When I got my hands on the new Eric Burdon album I must admit that I didn’t know what to expect – I certainly did NOT expect an album this angry and this hard hitting or an album that is this strong from a man who turns 72 this year!
The throaty bellow that announced itself with ‘House of the Rising Sun’ in ’63 is still in place, a little less powerful but with all the emotion he is famous for and his phrasing is better than ever.
This is an album of songs. Burdon wrote the majority, in various collaborations, and the album closes on Bo Diddley’s ‘Before You Accuse Me’ but the variety of styles and the themes give evidence that this is a songwriter of experience and rare intellect.
The opener, ‘Water’, is full of disillusionment and Burdon’s voice is immediately apparent – there is a careworn edge to his vocal but the underlying anger comes through strongly and the chilling line “the enemy does not know who the enemy is” seems to sum up his ire. He follows up with ‘Memorial Day’ displaying his feelings about the impacts of the war on terrorism and the mute acceptance of the populace. ‘Devil & Jesus’ is a personal favourite. A gently lollopping pace as he debates the two sides of his emotions and mentality. A fabulous organ sound from Mike Finnigan and Johnny Lee Schell’s guitar are superb. Burdon was one of the acts to perform at Bo Diddley’s memorial concert and ‘Bo Diddlley Special’ captures the music and the soul of that great man. One of the best songs that Diddley never wrote but Burdon delivers a musical eulogy that is damn near perfect. If you didn’t ‘get’ the Bo Diddley sound before you certainly will from this awesome miasma of drums and riffs. ’27 Forever’ is, as you might insinuate, a song about the ’27 Club’ so famous recently with Amy Winehouse’ death but more about the voices calling to those who never joined the club – chilling.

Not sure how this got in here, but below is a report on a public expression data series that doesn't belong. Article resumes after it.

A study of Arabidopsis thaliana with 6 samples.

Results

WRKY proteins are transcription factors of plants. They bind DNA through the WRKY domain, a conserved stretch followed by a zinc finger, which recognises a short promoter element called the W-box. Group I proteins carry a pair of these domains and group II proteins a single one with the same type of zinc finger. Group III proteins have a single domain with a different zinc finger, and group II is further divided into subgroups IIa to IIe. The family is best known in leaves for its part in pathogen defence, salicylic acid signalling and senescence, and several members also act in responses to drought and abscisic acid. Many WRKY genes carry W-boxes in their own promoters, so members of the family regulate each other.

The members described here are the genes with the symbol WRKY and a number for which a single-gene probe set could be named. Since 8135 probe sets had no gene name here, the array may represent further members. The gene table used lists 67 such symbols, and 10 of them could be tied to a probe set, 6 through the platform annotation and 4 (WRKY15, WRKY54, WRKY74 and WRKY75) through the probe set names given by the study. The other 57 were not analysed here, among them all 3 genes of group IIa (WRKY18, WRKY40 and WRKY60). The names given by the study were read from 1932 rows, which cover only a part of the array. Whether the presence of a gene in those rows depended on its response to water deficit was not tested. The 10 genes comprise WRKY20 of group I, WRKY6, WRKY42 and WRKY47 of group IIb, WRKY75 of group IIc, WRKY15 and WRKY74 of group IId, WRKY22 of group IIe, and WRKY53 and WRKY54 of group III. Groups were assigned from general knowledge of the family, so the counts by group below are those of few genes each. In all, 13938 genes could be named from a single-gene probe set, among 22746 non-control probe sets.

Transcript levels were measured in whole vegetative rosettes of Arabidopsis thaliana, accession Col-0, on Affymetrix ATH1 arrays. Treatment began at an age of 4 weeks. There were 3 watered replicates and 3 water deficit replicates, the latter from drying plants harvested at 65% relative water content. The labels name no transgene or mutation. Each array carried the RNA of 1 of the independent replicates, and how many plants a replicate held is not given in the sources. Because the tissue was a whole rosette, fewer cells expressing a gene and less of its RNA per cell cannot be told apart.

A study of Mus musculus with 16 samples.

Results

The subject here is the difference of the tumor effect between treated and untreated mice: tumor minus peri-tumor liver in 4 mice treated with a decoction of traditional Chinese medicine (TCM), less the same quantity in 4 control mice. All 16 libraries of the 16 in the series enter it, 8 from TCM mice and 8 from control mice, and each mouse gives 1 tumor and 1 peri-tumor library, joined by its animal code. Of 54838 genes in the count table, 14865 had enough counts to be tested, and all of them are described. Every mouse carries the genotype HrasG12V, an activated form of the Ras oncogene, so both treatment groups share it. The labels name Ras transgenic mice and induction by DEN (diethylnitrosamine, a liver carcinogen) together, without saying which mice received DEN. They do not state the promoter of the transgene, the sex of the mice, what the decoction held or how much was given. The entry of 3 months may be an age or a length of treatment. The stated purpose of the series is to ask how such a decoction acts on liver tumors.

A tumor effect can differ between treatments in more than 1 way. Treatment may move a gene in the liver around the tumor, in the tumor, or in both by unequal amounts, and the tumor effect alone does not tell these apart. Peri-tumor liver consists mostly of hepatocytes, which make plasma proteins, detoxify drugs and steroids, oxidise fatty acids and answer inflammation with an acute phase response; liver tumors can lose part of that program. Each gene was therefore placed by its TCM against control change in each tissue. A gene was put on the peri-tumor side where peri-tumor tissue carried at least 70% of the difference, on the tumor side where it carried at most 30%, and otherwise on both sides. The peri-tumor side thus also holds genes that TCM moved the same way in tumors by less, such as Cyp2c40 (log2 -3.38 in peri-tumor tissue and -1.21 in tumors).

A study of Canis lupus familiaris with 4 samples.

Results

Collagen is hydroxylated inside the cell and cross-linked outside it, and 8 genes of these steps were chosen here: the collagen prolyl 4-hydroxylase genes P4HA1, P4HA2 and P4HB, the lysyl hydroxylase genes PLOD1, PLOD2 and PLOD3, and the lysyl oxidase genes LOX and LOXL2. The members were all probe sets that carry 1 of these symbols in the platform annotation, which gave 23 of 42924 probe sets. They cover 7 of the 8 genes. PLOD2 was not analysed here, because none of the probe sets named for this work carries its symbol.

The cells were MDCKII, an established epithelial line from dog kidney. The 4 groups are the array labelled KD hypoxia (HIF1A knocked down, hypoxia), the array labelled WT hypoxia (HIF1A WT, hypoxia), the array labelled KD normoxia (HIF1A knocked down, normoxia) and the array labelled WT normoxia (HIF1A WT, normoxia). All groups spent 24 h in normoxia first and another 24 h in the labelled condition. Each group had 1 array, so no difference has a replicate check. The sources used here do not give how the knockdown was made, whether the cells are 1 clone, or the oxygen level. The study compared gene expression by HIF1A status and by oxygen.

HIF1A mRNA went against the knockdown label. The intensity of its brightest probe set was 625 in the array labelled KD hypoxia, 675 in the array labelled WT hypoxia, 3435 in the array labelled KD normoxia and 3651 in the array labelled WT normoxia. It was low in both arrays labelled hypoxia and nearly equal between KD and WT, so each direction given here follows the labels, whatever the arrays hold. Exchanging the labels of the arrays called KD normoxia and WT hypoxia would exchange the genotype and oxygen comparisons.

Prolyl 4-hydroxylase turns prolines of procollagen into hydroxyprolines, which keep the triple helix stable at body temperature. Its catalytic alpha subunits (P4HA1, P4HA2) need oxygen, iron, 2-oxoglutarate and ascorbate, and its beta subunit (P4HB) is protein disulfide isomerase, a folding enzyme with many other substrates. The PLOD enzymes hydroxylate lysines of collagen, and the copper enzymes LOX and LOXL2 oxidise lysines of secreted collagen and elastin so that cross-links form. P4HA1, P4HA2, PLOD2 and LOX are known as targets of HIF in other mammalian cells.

Every song on the album has a place and stands as a fitting example of the music that Burdon has been making for years – often forgotten by his countrymen or written off as ‘The Animals singer’. The best numbers stand on their merits against anything that is being put out today and his version of ‘Before You accuse me ...’ is brilliantly raw but with a New Orleans groove.
Burdon should be raised up as a world heritage treasure although I suspect he might hate the accolade!